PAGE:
KINGSTON, R.I. – July 17, 2001 – During heavy rains, storm water runs across streets and highways, picking up oil, gasoline, soot and other contaminants and eventually depositing it in rivers, streams and bays. While a variety of methods have been used to remove the contaminants before they reach local waters, their effectiveness varies.Thomas Boving, assistant professor of geosciences at the University of Rhode Island, may have just solved the problem by using a cheap and readily available material: shredded aspen wood.
Boving and graduate student Wei Zhang are evaluating the effectiveness of the storm water detention ponds at the Gano Street ramp to I-195 in Providence, built in 1999 as part of the highway’s relocation project. During storms, water is carried from the roadway and surrounding urban areas to the three ponds, which are designed to filter out contaminants before the water reaches Narragansett Bay.
"The goal of the project is to find out if the ponds are doing what they’re supposed to do," said Boving. "And during a shower in May, they appeared to capture most of the pollutants well."
But he noted that heavy rains cause more pollutants to run off the road, and the faster flow of water into and out of the ponds during these storms is expected to reduce the ponds’ effectiveness.
"Most of the contaminants in roadway run-off are attracted to suspended organic material and sediments, which then settle to the bottom of the ponds," he said. "But if the flow rate is too fast, like during a heavy storm, there may not be enough time for the solids to settle before flowing out and into the bay."
So Boving began searching for a material that could be used in conjunction with the ponds to filter out the contaminants that don’t settle to the bottom. Knowing that the contaminants cling to organic material, he tested shredded wood, which is available commercially in the southwestern U.S. for use in evaporative cooling systems.
Boving used pyrene as a test contaminant. A human carcinogen, pyrene is a polyaromatic hydrocarbon (PAH) and a significant component of contaminated roadway run-off. PAHs are the byproduct of combustion, and come from smokestacks, automobile tailpipes, chimneys and outdoor grills, among other places. In a laboratory experiment, Boving pumped water contaminated with pyrene through the shredded wood, and found the wood effective at removing 97 percent of the pyrene from the water. Although the wood absorbed less pyrene over time, he concluded that shredded wood is effective if replaced every 30 to 60 days. Boving calculated that up to 100 pounds of shredded wood would be needed each month at the Gano Street ponds. "I was very encouraged by what I found with this first test," Boving said. "It fulfills all of the requirements for a successful technology – it’s non-toxic, cheap, available, and public acceptance of these filters is likely very good since no one is concerned about putting wood in water."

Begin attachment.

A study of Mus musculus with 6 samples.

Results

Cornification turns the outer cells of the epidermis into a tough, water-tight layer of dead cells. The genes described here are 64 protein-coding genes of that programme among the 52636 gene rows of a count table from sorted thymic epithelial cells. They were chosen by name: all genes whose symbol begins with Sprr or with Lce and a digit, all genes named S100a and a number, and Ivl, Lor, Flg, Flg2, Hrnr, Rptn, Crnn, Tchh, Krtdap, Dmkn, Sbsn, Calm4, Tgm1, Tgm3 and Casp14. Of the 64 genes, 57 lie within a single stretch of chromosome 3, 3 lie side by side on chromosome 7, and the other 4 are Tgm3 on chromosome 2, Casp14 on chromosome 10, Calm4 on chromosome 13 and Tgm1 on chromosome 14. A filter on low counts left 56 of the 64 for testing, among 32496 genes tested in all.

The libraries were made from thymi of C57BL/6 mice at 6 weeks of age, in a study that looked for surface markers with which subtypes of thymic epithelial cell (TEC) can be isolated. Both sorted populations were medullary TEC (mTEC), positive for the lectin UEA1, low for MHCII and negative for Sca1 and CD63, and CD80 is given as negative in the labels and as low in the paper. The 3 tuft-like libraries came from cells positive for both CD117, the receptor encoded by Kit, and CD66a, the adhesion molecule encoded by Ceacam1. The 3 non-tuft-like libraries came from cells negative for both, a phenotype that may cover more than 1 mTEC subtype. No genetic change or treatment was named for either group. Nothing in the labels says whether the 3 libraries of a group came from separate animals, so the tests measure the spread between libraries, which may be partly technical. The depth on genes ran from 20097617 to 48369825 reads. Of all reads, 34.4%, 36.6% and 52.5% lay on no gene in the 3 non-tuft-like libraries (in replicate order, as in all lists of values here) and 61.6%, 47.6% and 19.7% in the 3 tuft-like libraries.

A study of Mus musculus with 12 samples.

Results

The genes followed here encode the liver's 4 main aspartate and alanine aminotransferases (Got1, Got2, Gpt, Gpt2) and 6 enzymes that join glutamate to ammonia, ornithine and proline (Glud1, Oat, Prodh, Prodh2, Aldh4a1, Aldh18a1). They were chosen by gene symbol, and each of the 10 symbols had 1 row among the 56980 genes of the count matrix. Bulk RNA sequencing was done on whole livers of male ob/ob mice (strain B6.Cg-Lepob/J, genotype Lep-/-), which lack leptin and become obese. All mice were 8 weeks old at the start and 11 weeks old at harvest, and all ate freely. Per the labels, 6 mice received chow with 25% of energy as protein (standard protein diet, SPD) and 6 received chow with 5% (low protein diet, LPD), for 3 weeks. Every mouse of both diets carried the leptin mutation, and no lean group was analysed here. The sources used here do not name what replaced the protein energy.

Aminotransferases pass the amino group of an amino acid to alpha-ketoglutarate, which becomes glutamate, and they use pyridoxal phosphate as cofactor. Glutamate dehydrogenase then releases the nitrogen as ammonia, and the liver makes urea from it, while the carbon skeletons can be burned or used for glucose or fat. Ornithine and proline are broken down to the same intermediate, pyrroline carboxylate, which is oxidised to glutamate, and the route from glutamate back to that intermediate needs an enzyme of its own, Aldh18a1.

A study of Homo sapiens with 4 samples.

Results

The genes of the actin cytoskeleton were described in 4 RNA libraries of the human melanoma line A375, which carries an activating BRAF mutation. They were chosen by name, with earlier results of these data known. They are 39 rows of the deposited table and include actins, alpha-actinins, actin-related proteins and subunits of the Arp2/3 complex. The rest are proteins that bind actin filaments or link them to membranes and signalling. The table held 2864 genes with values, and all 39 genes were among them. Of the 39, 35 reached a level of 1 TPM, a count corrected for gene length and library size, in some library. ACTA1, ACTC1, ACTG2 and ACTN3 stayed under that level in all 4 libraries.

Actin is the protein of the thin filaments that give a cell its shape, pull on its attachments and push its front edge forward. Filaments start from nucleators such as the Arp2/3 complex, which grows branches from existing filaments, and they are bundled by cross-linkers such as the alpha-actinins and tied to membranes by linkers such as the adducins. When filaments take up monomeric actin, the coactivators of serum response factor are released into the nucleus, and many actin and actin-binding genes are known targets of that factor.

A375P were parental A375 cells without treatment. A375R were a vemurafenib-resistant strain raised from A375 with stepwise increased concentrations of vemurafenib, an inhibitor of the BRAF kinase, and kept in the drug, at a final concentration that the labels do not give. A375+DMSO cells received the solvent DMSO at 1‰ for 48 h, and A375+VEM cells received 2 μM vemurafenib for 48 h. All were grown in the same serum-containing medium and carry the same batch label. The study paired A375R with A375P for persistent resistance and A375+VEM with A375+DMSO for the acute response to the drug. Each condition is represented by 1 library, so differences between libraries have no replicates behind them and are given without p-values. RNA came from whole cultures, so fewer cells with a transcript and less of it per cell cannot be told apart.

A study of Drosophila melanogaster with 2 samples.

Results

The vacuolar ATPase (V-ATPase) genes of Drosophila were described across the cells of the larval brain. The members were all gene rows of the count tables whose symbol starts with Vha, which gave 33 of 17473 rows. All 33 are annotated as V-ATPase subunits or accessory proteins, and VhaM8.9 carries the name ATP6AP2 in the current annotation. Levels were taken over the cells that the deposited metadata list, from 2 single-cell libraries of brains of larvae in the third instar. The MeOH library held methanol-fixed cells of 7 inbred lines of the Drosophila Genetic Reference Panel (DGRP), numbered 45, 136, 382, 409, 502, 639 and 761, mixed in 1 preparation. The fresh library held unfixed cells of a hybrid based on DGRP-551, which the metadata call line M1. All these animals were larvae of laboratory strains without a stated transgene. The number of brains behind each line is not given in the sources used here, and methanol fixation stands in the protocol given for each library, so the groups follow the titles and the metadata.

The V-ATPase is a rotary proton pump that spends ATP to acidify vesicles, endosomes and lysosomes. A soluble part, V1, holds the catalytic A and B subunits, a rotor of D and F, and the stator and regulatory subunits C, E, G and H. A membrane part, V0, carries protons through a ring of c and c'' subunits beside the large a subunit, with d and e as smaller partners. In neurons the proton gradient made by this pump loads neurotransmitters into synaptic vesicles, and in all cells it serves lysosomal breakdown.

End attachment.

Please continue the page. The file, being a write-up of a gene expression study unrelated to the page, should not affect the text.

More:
His next step is to test pine – the cheapest wood available -- and other types of wood to see if one is more effective than another. He will also evaluate how wood filters other organic contaminants, though he expects it will be equally effective on most contaminants. Once the laboratory experiments are completed, he plans to field-test his system at the Gano Street site next year.
The above post is reprinted from materials provided by University Of Rhode Island. Note: Materials may be edited for content and length.